Thursday, July 15, 2010


You wouldn't know this from reading my blog, but I'm a Python fanboy. Maybe I haven't blogged anything about Python because it's already so completely awesome that there isn't much to blog about. Well, anyway, today I stumbled upon an interesting programming language called Genie:

Genie is pretty intriguing for many reasons. It's a high-level language that uses the Vala compiler. What is Vala?, you might ask. Vala is a high-level language that can be used to write cross-platform code. It's syntax is similar to C#, but unlike C#, Python, Java, or many other modern high-level languages, it doesn't need a runtime environment/VM to run, because it compiles to C, which then of course compiles to machine code. And because it compiles to C, it can be used to write cross-platform applications, on anything that supports GLib, which at the very least covers the big 3 (Windows, OS X, GNU/Linux).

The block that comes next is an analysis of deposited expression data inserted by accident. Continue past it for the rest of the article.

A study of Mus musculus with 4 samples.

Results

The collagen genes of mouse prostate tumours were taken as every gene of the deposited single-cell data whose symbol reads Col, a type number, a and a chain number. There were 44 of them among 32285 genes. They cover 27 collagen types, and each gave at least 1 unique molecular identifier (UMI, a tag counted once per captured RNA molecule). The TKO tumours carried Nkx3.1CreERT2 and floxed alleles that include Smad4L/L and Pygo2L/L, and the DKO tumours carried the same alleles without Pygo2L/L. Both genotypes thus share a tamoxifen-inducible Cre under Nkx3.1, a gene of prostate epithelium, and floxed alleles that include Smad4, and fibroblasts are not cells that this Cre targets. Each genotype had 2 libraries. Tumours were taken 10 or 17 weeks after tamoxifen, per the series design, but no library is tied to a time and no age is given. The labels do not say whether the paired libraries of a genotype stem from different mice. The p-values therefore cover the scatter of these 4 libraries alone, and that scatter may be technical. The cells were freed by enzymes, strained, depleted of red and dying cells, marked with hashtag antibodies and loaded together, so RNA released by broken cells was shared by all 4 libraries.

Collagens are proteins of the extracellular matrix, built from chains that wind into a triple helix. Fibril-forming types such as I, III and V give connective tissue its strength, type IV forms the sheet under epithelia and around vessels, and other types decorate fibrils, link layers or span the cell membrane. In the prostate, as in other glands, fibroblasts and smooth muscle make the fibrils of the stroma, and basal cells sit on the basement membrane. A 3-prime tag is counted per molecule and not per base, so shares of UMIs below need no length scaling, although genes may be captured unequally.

So Vala itself is pretty cool. What makes Genie even cooler is that it has more of a Python-like syntax, which, of course, is one of the coolest things about Python (for those of us that happen to like Python). And Genie and Vala can be used alongside each other.

How's this for a Hello World?:

print "Hello, world!"

Granted, not quite as basic as a Python Hello World:

print "Hello, world!"

but basic enough. It's sure nice on the eyes without all those curly braces and semicolons at any rate.

So... if at any point I am developing an application and want the benefits of a compiled language that doesn't rely on a VM, I'll definitely be checking out Genie. And for those of you who aren't too fond of Genie's syntactical style, I'd recommend checking out Vala.

If nothing else, it sure beats trudging through C/C++. Yeah, they're not bad languages, but it seems to me with the way technology is continually advancing, it's ridiculous that C/C++ are still sometimes the best options for software development, especially when it comes to performance. Who knows, maybe Genie/Vala are the next C++. Then again, maybe not, but they're definitely worth looking into.